Aducanumab targets the underlying cause of the disease in the brain
The first new treatment for Alzheimer's disease for nearly 20 years has been approved by regulators in the United States, paving the way for its use in the UK.
Aducanumab targets the underlying cause of Alzheimer's, the most common form of dementia, rather than its symptoms.
At least 100,000 people in the UK with a mild form of the disease could be suitable for the drug.
But approval from the UK regulator could take more than a year.
Charities have welcomed the news.
The US Food and Drug Administration (FDA) said there was "substantial evidence that aducanumab reduces amyloid beta plaques in the brain" and that this "is reasonably likely to predict important benefits to patients".
Aducanumab targets amyloid, a protein that forms abnormal clumps in the brains of people with Alzheimer's that can damage cells and trigger dementia, including:
memory and thinking problems
In March 2019, late-stage international trials of aducanumab, involving about 3,000 patients, were halted when analysis showed it was no better, given as a monthly infusion, at slowing the deterioration of memory and thinking problems than a dummy drug.
But later that year, the US manufacturer Biogen analysed more data and concluded higher doses of aducanumab significantly slowed cognitive decline.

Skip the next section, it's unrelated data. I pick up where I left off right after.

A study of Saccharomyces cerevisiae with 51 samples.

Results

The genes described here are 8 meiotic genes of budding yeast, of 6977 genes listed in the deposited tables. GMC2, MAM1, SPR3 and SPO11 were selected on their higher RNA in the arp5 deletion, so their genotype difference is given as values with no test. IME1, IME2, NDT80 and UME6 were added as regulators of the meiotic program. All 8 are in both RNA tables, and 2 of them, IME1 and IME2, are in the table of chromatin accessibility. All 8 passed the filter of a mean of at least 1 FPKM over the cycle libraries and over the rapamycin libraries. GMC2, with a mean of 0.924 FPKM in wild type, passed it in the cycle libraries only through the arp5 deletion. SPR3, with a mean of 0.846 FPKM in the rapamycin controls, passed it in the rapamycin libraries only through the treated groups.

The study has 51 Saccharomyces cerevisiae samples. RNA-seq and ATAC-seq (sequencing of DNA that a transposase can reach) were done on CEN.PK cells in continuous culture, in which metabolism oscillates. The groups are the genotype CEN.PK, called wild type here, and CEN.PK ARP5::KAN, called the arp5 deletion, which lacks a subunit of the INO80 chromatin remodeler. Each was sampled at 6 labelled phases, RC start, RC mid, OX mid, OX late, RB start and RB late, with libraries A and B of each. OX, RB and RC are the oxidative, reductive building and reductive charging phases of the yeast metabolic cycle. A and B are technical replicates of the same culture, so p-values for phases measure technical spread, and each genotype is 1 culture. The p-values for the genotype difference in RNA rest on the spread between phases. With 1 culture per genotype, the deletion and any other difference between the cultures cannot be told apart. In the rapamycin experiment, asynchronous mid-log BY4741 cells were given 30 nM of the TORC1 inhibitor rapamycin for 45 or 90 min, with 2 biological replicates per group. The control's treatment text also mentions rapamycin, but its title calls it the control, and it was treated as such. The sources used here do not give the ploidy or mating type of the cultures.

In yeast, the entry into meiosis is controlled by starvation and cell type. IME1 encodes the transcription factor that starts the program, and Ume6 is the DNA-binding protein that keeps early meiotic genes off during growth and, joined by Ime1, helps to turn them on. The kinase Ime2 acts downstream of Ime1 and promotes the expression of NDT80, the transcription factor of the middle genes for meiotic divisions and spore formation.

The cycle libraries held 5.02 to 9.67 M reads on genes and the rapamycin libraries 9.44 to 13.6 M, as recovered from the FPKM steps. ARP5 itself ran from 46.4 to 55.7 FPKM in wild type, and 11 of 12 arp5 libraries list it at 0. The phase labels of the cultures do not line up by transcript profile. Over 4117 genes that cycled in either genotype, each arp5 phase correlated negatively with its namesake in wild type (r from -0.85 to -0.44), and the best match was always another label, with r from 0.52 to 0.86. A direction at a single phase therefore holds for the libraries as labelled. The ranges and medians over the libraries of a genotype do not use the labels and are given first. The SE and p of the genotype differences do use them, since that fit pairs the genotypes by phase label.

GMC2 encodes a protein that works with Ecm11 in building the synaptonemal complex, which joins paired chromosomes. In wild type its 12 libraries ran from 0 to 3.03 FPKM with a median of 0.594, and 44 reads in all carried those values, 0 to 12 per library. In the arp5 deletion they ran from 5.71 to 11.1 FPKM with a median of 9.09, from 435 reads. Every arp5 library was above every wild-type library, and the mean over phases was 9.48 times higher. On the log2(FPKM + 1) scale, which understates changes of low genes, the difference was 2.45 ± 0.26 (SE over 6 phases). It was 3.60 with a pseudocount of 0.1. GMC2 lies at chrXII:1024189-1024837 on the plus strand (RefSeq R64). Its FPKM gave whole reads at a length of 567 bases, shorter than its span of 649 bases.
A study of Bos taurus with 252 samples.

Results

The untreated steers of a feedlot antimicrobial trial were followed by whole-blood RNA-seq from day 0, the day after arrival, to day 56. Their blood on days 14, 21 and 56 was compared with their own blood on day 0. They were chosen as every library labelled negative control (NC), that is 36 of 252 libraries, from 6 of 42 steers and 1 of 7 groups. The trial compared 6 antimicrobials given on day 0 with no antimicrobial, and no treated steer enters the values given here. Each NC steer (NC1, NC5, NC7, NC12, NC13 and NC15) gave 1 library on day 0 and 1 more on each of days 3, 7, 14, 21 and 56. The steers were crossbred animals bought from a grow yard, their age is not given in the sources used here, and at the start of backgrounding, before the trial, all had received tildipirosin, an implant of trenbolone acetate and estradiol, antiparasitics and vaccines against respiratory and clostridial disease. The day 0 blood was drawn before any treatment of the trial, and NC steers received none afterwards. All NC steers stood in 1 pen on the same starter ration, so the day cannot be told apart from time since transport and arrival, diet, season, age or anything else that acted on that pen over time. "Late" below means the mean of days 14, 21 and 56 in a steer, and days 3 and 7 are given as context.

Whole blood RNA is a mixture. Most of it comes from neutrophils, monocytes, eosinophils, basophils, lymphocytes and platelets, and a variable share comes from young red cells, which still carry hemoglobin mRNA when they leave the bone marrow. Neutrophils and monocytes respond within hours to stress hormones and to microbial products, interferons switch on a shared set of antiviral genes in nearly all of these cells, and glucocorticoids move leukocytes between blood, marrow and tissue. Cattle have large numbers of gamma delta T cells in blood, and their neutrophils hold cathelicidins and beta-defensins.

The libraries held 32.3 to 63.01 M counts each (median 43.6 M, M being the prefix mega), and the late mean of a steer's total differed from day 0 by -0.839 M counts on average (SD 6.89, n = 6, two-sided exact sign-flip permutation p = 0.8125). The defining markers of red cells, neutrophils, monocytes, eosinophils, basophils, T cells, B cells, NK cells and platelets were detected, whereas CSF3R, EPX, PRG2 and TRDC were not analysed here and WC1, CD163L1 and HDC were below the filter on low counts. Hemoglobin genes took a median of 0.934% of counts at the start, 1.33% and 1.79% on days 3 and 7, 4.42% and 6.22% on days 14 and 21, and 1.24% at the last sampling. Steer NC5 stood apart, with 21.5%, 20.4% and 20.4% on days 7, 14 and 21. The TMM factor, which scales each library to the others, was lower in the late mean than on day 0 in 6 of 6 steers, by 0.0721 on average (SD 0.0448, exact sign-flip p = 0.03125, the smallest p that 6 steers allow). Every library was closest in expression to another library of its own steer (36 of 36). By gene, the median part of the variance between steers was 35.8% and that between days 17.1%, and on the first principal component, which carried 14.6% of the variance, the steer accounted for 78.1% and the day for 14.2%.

'Heading in right direction'
Aldo is given the drug treatment by a nurse
image captionAldo was one of just a handful of UK patients in the trial
Aldo Ceresa first noticed problems differentiating between left and right 10 years ago.
After his diagnosis, the 68-year-old, who is originally from Glasgow and now lives in Oxfordshire, close to his family, had to give up his job, as a surgeon.
Mr Ceresa took aducanumab for two years before the trial was halted - and then had to wait almost as long for another trial, at the National Hospital for Neurology and Neurosurgery, in London, to begin.
"I'm quite happy to volunteer," he says.
"I really, really enjoy this journey that I'm going through - and obviously the benefits I'm getting from it, which I'm very, very grateful for.
"I feel like I'm not quite as confused.
"Although it's still there, it's not quite as bad.
"And I'm just getting that bit more confident now.
"Before, if I was going to get something, I couldn't remember, you know, where to find things in the kitchen.
"That has become less of a problem.
"Now, I'm beginning to find more things out for myself.
"And so, you know, it's not 100% there - but I'm getting better at it.
"I haven't caught up to the level that I was before.
"But I'm heading in the right direction."
More than 30 million people around the world are thought to have Alzheimer's, with most aged over 65.
For the about 500,000 in the UK, those eligible for aducanumab will:
probably require a definitive diagnosis, involving a detailed 3D brain scan
be mostly in their in their 60s or 70s and at an early stage
In the past decade, more than 100 potential Alzheimer's treatments have flopped.
And although aducanumab is not a miracle drug, and many doctors are doubtful of its benefits, its US approval will be a huge boost to dementia research, traditionally underfunded compared with cancer or heart disease.